2nd Canadian Division
As Allied troops moved across Europe against Nazi Germany, they encountered concentration camps, mass graves, and other sites of Nazi crimes. Though liberation of Nazi camps was not a primary objective of the Allied military campaign, Soviet, US, British, and Canadian troops freed prisoners from their SS guards, provided aid to survivors, and collected evidence.
The 2nd Canadian Division first battled the Germans during the abortive landings in August 1942 on the coast of France at Dieppe, the "dress rehearsal" for the invasion of the continent nearly two years later. In July 1944, the 2nd Canadian Division landed in France, fought to liberate Caen, and then participated in the encirclement of the remnants of the German army in Normandy at the Falaise Gap. During the pursuit of the defeated enemy toward the Reich, the Canadians liberated Dieppe, then helped clear the Scheldt River estuary to open the port of Antwerp for the Allies.
After wintering in defensive positions in the Netherlands, the Canadians fought through the Reichswald forest toward the Rhine. They crossed the river on March 28 and spearheaded the drive of British and other Commonwealth troops toward the North Sea. While clearing the eastern Netherlands of German forces, they liberated the Westerbork transit camp, which was situated in the northeastern Dutch province of Drenthe, near the towns of Westerbork and Assen.
With some of the funding originating from Jewish sources, the Dutch government had established a camp at Westerbork in October 1939 to house refugees, most of whom were Jewish, who had sought refuge in the Netherlands. Some of these refugees, of whom there were 400 when the Germans invaded the Netherlands in May 1940, had entered the country illegally. After the Germans conquered the Netherlands in May 1940, the Dutch authorities continued to manage the camp. In 1941, some 1,100 Jewish refugees, most of them from Germany, resided in the camp. On July 15, 1942, German authorities took over the Westerbork camp, which at this time had approximately 1500 prisoners. After July 15, 1942, Westerbork served as a transit camp for Dutch Jews before their deportation to the killing centers in Auschwitz and Sobibor and to several concentration camps. Ninety-eight trains transported approximately 100,131 Dutch Jews to Auschwitz, Sobibor, Mauthausen, Bergen-Belsen, and Theresienstadt between July 1942 and September 1944.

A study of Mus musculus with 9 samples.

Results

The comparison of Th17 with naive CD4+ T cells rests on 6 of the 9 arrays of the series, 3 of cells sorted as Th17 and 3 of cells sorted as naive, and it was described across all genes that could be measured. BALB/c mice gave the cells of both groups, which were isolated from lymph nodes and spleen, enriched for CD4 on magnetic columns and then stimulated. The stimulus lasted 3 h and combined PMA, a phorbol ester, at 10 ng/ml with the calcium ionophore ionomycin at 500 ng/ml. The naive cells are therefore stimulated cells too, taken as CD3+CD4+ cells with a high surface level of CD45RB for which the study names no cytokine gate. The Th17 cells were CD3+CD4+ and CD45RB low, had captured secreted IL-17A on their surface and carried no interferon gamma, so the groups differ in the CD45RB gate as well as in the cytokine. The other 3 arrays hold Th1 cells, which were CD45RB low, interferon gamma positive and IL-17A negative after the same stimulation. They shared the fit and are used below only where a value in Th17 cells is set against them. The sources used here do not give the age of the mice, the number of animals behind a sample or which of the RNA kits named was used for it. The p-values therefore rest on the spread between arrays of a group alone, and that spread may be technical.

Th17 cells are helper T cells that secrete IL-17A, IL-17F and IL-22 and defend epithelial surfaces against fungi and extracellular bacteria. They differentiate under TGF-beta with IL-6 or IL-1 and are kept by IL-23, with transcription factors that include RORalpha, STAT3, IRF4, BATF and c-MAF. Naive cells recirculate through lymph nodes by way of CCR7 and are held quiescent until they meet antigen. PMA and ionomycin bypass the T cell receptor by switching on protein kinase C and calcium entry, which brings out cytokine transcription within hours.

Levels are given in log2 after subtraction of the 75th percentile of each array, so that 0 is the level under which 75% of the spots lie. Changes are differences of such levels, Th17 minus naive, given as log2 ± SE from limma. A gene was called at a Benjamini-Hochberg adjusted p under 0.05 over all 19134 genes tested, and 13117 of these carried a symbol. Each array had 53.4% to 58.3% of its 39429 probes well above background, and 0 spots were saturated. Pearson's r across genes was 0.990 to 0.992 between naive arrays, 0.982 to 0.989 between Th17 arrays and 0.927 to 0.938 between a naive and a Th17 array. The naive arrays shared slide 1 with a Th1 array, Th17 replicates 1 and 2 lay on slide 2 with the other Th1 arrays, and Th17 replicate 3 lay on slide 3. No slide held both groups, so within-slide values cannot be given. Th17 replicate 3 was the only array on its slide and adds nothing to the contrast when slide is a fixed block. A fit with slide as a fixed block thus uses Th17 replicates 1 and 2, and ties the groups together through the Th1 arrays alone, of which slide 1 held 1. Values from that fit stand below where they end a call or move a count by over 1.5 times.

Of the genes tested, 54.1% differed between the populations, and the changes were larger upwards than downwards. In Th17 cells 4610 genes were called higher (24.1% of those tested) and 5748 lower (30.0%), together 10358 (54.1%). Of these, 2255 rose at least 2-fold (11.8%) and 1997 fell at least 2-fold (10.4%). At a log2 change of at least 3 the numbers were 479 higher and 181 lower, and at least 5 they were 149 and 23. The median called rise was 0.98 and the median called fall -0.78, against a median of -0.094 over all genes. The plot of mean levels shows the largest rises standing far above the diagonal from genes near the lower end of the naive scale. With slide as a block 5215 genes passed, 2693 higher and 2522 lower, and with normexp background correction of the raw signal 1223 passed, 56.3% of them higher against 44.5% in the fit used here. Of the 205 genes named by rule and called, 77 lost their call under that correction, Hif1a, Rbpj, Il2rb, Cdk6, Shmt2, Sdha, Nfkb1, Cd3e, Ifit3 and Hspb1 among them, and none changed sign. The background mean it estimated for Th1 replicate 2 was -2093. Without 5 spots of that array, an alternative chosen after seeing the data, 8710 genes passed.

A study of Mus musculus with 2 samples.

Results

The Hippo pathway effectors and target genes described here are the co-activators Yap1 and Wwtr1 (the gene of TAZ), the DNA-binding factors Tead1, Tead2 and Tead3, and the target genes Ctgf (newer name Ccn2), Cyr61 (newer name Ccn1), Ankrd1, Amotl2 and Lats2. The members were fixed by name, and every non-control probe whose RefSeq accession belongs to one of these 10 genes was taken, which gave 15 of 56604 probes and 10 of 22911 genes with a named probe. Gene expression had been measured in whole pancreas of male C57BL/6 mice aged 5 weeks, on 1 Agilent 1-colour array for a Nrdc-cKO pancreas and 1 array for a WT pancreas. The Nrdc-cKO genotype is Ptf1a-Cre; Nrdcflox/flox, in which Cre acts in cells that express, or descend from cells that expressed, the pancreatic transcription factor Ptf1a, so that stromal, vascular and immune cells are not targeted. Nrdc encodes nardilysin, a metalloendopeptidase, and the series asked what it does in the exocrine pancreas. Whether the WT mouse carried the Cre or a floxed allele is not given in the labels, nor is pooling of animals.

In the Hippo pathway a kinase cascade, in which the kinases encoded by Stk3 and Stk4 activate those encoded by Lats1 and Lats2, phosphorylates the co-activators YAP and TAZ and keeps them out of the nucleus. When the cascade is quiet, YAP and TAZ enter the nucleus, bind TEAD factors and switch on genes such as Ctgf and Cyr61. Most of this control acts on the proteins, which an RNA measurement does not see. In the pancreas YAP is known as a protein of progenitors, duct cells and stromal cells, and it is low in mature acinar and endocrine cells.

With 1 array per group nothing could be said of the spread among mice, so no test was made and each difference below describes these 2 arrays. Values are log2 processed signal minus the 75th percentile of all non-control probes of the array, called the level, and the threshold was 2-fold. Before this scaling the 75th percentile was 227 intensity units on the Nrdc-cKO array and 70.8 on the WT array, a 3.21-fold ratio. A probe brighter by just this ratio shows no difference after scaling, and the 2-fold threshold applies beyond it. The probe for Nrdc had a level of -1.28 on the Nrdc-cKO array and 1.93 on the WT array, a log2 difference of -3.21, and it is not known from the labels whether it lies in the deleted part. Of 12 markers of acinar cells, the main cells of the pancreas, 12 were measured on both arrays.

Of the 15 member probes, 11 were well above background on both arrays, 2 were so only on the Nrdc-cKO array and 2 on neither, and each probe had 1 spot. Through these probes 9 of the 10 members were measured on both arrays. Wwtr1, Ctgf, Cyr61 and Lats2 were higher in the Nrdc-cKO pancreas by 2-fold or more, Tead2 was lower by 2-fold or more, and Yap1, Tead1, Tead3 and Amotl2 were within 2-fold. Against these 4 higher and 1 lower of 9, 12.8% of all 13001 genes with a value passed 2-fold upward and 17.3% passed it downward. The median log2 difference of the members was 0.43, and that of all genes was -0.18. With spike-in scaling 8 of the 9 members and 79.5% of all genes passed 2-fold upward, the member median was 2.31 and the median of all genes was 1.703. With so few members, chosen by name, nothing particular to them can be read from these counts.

As Allied troops approached the camp, the Germans abandoned Westerbork. When members of the Canadian 2nd Division reached Westerbork on April 12, 1945, they found between 876 and 909 inmates there, of whom the majority were Dutch Jews. In addition to the tens of thousands of deportees whom the Germans murdered on their arrival from the Westerbork transit camp between 1942 and 1944, around 750 Jews perished inside the facility during the five years of German occupation.
Following the liberation of Westerbork, the Canadian 2nd Division continued its advance into northern Germany. It captured the German city of Oldenburg on May 3 and was stationed there when the Germans surrendered on May, 1945.
Critical Thinking Questions
- What challenges did the Allied forces face when they encountered the camps?
- What challenges immediately faced survivors of the Holocaust?
- What options, if any, does a nation have when it learns of atrocities in other countries?